HCC Criminal Justice Professor Honored with Inspiration Award
HOLYOKE — Holyoke Community College (HCC) Criminal Justice Professor Nicole Hendricks was honored on Oct. 6 with an Inspiration Award from the African American Female Professor Award Assoc. (AAFPAA).
Each year, the association celebrates a handful of Black female professors at its annual awards banquet, which this year was held at the Griswold Theater on the campus of American International College in Springfield. Hendricks, a 17-year faculty member at HCC, was one of four Black female professors recognized.
“It was a great honor to receive this award,” Hendricks said. “The ceremony itself was a great celebration of the incredible women who are working in education and a wonderful moment to bring attention to the fact that so few college faculty are Black women — less than 2%.”
That statistic was also emphasized by Traci Talbert, AAFPAA’s president and founder, who said professors like Hendricks are making strides to improve diversity and inclusion at their own institutions.
“Just their presence alone helps to engage with the students and help them identify and relate,” Talbert said. “They are also working in affinity groups and doing other things on college campuses as well as in the community to ensure that these experiences continue to enhance and build equity.”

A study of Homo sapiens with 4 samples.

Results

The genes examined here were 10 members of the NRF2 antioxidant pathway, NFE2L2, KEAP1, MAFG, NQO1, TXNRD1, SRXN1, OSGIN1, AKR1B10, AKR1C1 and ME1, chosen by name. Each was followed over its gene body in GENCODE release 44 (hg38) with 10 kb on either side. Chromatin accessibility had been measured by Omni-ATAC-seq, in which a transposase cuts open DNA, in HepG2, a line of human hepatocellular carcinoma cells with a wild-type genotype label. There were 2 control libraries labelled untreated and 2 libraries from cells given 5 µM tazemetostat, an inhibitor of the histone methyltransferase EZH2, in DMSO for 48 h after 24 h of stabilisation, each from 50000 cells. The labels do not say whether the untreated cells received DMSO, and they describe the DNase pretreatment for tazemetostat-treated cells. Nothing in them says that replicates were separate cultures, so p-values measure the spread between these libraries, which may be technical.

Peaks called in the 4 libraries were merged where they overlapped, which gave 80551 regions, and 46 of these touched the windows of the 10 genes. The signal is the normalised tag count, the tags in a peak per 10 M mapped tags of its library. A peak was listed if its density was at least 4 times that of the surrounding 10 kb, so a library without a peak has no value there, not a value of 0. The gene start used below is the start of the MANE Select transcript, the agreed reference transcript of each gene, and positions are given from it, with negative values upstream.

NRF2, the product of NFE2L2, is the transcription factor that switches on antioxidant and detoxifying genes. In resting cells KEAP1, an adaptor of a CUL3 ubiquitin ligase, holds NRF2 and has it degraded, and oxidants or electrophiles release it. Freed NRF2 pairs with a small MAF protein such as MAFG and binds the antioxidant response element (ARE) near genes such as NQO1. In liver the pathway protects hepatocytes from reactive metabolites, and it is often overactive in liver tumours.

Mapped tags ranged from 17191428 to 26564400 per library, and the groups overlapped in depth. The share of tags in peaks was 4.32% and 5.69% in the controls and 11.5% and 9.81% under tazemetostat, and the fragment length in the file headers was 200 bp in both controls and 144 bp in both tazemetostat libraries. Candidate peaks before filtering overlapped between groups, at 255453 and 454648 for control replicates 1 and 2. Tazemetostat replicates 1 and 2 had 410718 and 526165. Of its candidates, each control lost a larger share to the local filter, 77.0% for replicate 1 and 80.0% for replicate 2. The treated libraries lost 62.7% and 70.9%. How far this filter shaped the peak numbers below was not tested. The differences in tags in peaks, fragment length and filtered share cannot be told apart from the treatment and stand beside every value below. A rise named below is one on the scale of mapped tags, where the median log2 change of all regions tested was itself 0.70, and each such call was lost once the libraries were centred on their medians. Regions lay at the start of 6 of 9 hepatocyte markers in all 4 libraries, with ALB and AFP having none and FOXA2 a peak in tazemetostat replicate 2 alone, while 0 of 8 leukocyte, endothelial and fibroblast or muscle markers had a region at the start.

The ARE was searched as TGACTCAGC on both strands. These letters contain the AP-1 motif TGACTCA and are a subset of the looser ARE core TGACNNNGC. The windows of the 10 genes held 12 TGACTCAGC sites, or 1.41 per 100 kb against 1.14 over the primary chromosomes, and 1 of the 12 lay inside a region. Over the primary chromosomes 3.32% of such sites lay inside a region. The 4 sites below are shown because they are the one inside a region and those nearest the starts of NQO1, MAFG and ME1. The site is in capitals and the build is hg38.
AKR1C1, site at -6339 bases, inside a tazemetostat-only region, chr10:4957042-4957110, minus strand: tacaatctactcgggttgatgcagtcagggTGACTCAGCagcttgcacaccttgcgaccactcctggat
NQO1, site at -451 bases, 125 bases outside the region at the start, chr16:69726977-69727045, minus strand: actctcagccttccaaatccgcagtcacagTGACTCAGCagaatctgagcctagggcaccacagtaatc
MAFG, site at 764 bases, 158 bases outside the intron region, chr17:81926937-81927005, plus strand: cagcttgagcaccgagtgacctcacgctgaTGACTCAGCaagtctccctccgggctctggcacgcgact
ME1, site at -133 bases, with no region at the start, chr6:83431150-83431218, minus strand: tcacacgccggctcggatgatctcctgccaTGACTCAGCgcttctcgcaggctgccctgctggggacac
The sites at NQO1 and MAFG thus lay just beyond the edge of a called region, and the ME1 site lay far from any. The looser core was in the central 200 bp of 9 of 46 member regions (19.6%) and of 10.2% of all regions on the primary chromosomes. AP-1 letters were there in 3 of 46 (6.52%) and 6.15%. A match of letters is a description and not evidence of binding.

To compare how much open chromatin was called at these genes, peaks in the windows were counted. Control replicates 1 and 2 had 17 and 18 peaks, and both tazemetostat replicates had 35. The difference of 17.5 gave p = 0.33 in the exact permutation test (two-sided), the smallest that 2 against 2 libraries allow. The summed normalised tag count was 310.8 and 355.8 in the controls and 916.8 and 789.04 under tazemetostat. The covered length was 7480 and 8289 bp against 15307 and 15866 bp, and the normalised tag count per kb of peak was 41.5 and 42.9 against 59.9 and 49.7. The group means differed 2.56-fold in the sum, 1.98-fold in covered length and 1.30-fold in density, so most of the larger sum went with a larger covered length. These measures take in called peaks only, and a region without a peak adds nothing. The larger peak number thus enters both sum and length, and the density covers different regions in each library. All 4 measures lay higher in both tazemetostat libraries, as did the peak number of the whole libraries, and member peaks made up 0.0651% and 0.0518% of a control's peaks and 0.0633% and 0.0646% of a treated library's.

Hendricks has served as chair of the Criminal Justice Department at HCC and teaches a variety of courses in that area, including criminology and women’s studies. She also teaches interdisciplinary courses as part of HCC’s Learning Communities program. For example, in “Reimagining Incarceration,” she and her teaching partner, Economics Professor Mary Orisich, explore mass incarceration through the lens of feminist social-justice theory, gender and sexuality studies, critical race theory, and political economy.
Hendricks’ efforts to reimagine incarceration extend well beyond the classroom. Together, she and Orisich founded Western Mass CORE (Community, Opportunity, Resources, Education), a prison-education program based at HCC that seeks to facilitate pathways to college for people impacted by the criminal legal system.
“Her strong commitment to education as a vehicle for social justice and societal change is evident in her work inside and outside the classroom,” said Kim Hicks, HCC’s dean of Arts and Humanities, who introduced Hendricks at the banquet and nominated her for the award.
In accepting the Inspiration Award, Hendricks said she also accepts the responsibility that goes along with it. “It signifies, to me, a dedication to continuing to live my purpose, fostering a political consciousness that places equity and racial justice at the center, and does so in community with others.”